Protect your kids from tricks that look like treats

With Halloween upon us, Christmas coming fast on its heels, and candy just about everywhere for the next several months, parents should take extra care to make sure that kids, especially those under age 6, don’t mistake tricks for treats, and eat medication thinking it’s candy.

Each year in Canada, an average of three kids (under age 14) die from unintentional poisoning, and another 900 are hospitalized. Medication is the most common culprit. At Halloween the risk is somewhat greater, because the candy is plentiful.

Medications that look like candy

Certain medications are very similar in appearance to certain candies. While adults may be able to pick out subtle differences in size or texture, young kids are less likely to notice, and could end up taking dangerous drugs without knowing it.

The Missouri Poison Center has an online game called “Pills vs. Candy”, which displays pictures of pills and candy side-by-side, and challenges visitors to tell them apart. Some are incredibly similar. It’s a challenging game, even for adults, and it certainly drives home the point that, at a glance, it’s not hard for a child to mistake a pill for a candy.

Regardless of specific look-alikes, children may just be drawn to brightly coloured pills and capsules. There are even documented cases of children getting sick from eating dishwasher and laundry detergent pods.

What can parents do to keep kids safe?

As parents, there are a number of things that we can do to make sure our kids don’t take medication that is not prescribed to them.

  • Put it away – If kids can’t reach something, they can’t eat it. So the best way to keep your kids safe is to keep all medication (prescription, over-the-counter, even supplements) either locked away, or at least stored somewhere the kids can’t reach, like a high shelf.

  • From bottle to mouth – Adults who take medication on a regular basis might set out pills on a table or counter so they don’t forget to take them. This is potentially very dangerous if there are young kids in the home. Even if you don’t lock your meds away, keeping them in the child-proof bottles until it’s time to take them is a good way to protect the little ones.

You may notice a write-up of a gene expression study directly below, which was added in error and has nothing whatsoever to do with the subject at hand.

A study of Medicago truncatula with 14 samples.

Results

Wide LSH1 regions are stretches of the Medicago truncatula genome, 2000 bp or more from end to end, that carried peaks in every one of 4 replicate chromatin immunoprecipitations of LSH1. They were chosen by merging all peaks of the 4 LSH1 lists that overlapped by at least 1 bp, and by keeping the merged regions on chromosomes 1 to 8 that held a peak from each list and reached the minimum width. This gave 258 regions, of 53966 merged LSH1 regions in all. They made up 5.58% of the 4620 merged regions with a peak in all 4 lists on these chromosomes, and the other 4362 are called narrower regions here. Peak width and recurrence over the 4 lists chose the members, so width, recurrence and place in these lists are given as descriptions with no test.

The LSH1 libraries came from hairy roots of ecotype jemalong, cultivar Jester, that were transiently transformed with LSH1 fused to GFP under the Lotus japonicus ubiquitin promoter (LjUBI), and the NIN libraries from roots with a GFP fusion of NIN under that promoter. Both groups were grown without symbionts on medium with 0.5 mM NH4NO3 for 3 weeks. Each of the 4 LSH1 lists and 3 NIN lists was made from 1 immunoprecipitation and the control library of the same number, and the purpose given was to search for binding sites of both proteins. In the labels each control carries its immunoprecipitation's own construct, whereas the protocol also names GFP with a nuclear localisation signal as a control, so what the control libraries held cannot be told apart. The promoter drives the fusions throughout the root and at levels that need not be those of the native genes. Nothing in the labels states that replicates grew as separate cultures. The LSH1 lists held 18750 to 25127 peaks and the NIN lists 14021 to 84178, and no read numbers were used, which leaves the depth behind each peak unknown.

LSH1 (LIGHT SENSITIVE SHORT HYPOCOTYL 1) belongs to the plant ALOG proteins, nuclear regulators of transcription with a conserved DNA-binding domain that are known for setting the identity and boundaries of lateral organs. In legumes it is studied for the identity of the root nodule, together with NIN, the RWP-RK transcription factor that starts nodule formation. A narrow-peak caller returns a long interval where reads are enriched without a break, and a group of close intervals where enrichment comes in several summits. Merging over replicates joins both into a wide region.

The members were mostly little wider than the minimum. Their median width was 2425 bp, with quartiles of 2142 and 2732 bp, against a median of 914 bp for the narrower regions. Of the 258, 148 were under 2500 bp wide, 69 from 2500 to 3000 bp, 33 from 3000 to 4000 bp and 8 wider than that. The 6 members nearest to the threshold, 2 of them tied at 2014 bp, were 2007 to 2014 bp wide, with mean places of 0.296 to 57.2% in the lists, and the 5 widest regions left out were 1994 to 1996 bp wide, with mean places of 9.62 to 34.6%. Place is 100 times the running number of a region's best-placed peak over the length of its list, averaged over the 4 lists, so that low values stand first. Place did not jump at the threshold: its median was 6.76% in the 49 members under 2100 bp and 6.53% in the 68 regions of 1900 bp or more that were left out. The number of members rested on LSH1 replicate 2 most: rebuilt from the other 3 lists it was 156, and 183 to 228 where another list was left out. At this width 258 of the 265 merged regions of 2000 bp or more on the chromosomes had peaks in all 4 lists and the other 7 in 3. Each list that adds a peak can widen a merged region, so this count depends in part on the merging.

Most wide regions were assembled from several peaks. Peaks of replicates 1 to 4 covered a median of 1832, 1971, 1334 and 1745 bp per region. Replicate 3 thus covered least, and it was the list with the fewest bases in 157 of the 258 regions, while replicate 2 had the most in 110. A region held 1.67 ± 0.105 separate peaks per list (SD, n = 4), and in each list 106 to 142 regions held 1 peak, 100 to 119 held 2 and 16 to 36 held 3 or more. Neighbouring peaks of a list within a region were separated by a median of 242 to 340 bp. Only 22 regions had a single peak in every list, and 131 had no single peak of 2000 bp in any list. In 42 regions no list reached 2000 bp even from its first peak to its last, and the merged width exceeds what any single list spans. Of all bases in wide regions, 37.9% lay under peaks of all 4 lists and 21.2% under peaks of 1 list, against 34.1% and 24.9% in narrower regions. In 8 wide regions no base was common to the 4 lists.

• Medicine is not “yummy” – When our kids are sick, in order to get them to take their medication, we might be tempted to tell them that it’s “yummy” or even that it’s candy. This is not a winning strategy in the long run, as it just adds to the confusion.

Edible Cannabis – Drugs Intended to Look Like Treats


With cannabis products now legal for Canadian adults, this introduces a new danger, as cannabis is frequently sold in the form of edibles like gummies, lollipops, brownies and cookies. If you keep edibles in your home, make sure that they are always clearly labeled (to protect the adults), and that they are never within reach of children.

Intentional prescription drug abuse

Our best efforts to safeguard our children could be all for naught if they choose to take prescription drugs that are not theirs, or abuse drugs that they were prescribed. If you have older children and are concerned that they may be abusing prescription drugs, the Centre for Addiction and Mental Health (CAMH) has a wealth of resources.